LAST WEEK, the Bankruptcy and Diligence (Scotland) Bill completed its stage 2 consideration in the Scottish Parliament.

While the Bill makes some useful technical amendments to bankruptcy law, sadly it looks set to become another missed opportunity to help Scots with mental health and complex debt problems.

The Bill is fairly short at 13 sections and has taken several years in planning, yet its flagship “mental health moratorium” is a brief enabling provision.

That means it contains no meaningful detail on how the new breathing space would operate.

The Scottish Government appear set on restricting it to those with health issues subject to compulsory mental health treatment, which would mean its impact would be limited.

The Parliament’s Economy and Fair Work Committee has called on the government to expand eligibility criteria. So far, there appears no appetite to do so.

Recent research by Citizens Advice Scotland suggested almost one in five adults got into debt last year and found money problems were exacerbated due to the cost of living crisis.

The majority of people said debt had adversely impacted on their mental health.

Perhaps the most curious aspect of the Scottish Government’s Bill is it does next to nothing to help with the cost of living crisis.

Some politicians have suggested the cost of living crisis is nearing an end because inflation is down from 11% in 2022 to 3.4% last month. Lower inflation doesn’t mean prices are falling, it means they are rising less quickly.

There are some very simple things the Scottish Parliament could do to help Scots with mental health and debt problems.

There were over 230,000 charges for payment served by sheriff officers for council tax arrears in 2021/22. Each charge costs £86 to serve.

In the same year, 53,695 earning arrestments were executed by sheriff officers for council tax and 201,655 bank account arrestments.

That’s over £41 million in sheriff officer fees, excluding VAT. If local councils were empowered to serve these legal documents by registered post at a cost of £10, the debts of people in council tax arrears could be reduced by up to £36m per annum.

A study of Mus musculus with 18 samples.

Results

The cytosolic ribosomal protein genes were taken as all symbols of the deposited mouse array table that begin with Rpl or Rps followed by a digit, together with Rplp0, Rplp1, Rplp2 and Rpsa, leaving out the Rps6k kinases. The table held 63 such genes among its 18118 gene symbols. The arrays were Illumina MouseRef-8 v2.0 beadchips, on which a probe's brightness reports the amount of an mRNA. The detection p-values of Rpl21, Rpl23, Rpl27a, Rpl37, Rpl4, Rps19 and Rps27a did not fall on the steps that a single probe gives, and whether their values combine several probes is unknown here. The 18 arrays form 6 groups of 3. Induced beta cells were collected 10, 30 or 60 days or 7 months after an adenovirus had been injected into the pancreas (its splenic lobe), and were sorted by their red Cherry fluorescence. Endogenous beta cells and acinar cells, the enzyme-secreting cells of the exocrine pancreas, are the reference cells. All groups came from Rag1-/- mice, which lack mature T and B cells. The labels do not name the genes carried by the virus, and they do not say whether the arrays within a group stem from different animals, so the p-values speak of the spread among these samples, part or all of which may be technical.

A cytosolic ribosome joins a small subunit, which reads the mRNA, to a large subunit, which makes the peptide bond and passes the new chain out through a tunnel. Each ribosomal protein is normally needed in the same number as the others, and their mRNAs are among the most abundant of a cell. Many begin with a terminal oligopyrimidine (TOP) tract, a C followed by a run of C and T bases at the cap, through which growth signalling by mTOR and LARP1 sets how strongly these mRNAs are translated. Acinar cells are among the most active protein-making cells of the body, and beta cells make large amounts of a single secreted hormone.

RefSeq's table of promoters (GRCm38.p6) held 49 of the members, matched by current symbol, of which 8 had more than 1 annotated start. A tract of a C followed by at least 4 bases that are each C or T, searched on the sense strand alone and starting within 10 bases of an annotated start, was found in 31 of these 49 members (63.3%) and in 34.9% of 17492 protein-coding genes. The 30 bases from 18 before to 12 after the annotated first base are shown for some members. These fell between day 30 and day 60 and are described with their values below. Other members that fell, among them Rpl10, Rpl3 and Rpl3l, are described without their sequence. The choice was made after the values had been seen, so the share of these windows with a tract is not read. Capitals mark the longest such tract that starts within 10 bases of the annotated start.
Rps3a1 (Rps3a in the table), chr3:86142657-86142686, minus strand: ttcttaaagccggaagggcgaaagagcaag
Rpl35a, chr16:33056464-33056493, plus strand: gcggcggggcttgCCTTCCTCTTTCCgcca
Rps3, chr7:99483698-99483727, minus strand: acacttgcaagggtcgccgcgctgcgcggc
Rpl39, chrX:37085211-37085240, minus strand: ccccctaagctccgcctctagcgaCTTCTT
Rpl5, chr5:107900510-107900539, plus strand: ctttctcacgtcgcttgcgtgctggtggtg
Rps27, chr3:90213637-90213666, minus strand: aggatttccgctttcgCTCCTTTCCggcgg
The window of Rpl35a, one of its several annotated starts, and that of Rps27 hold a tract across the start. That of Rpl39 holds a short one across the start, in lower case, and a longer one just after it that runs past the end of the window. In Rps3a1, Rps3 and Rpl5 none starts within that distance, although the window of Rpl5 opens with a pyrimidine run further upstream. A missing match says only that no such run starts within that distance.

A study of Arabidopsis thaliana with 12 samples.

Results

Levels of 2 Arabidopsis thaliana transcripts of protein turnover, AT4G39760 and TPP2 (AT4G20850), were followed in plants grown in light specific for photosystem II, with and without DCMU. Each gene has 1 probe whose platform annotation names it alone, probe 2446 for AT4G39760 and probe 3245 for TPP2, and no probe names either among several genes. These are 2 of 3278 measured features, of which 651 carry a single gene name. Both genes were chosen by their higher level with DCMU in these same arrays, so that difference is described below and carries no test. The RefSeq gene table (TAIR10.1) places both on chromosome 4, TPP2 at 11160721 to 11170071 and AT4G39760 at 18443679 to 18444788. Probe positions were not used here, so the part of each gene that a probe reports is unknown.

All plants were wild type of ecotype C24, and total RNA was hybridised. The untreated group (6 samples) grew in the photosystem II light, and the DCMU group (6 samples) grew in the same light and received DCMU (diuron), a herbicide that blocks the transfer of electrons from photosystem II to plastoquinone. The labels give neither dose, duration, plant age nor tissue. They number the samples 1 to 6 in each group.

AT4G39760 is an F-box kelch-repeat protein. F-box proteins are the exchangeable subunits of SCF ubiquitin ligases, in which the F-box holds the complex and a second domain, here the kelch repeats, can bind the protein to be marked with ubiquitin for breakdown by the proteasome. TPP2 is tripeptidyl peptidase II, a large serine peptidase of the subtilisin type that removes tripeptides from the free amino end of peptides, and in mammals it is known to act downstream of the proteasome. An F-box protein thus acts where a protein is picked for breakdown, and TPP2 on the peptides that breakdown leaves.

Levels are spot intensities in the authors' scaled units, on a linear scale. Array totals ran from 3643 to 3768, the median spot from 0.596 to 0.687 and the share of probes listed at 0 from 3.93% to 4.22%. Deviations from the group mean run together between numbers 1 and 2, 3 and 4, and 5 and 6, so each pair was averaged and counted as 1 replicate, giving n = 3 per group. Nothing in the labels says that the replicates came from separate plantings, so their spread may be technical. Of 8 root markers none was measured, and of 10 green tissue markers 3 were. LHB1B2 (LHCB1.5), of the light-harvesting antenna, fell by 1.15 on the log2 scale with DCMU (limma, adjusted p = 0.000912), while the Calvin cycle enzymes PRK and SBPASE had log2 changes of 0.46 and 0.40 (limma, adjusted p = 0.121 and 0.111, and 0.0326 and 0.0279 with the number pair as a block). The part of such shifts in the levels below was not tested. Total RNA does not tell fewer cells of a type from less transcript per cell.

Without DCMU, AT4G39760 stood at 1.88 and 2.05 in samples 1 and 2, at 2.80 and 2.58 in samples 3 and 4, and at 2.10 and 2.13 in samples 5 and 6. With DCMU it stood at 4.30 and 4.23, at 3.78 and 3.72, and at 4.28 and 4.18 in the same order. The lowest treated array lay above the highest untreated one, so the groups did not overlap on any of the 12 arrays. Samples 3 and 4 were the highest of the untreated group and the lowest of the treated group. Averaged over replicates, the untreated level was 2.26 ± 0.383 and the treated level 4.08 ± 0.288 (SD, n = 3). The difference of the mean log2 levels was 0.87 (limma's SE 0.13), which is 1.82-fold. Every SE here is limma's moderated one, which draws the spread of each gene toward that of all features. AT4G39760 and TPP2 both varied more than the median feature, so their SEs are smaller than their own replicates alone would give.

In November 2022, the minimum protected balance for bank arrestments was increased from £566 to £1,000, which meant only money over £1,000 in a debtor’s current account could be seized by creditors.

For earnings arrestment, the minimum protected balance for a month’s wages is £655. There is no good reason why this sum should not be raised to £1,000 per month to align with the existing position for bank accounts.

Such a measure would be fair and consistent and give cognisance to the impact of cost of living price rises in relation to wages, which for many Scots have remained static or with modest increases.

At the moment, debtors in bankruptcy are subject to a four-year payment period in Scotland, while the rest of the UK has a three-year period.

Scotland had a three-year period until a change in 2015. There’s no evidence that change has been helpful and we ought to return to the previous rule.

The Bill can remain a damp squib; a mouse that squeaked. Or perhaps MSPs will use the stage 3 final consideration of the Bill next month to make it relevant to tens of thousands of Scots?